Culture Secretary Jeremy Hunt is seeking advice from OfSprout on whether he should allow a cash cow to be traded for some magic beans. Hunt had been promised a golden goose if he allowed the deal to go ahead, but recent revelations about a Sky Giant have raised fears that rapid growth could damage the media landscape.
"I've had reassurances that these beans are definitely magical", explained Hunt. "Apparently, they produce a hardy perennial that grows out of control, completely obstructing our view of the world. Although this is a non-indigenous import from Australia, it thrives on British raked muck. I'm sure it won't harm our native BBC, and people at least have the choice whether to feed this species or not."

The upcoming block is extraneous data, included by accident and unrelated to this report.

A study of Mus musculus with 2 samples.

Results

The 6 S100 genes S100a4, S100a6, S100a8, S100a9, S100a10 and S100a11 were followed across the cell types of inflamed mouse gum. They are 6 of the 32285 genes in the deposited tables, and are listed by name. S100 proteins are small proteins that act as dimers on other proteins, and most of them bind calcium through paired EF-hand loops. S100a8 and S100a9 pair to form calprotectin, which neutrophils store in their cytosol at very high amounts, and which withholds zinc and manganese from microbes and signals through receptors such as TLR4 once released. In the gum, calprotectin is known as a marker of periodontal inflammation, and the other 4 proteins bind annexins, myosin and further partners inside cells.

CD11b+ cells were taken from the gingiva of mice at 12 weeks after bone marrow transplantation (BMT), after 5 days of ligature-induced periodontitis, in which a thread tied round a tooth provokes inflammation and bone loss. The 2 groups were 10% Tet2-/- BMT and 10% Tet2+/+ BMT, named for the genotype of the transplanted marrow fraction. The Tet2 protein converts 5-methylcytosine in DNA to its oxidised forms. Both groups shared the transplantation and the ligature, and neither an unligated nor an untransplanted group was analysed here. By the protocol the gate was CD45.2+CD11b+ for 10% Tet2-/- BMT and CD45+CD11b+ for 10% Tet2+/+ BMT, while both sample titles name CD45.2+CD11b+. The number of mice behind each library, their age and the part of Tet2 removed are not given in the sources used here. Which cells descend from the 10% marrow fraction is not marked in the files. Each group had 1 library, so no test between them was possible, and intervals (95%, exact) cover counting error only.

Media experts have warned that the plant is highly invasive, and can quickly take over football fields, cricket pitches and episodes of the Simpsons. "We've even seen some roots sticking through a couple of F1 circuits, but we don't think they'll take hold for a season or two yet."
An initial stalk has already been climbed by Hunt, where he met the Sky Giant for discussions, and to see his huge bags of gold coins that shone in the Sun headlines. But he also met a red-haired harpy that played itself so well, the Giant was enchanted and would never let it go.
Latest reports suggest the Giant is already descending the stalk, to force Hunt to approve the deal. Hunt thinks he can persuade the Giant to go back up the stalk and concentrate on the Sky, but others wonder if a different outcome is possible. A lumberjack known only as 'The Guardian' thinks the whole thing could be brought down with a bit of hacking.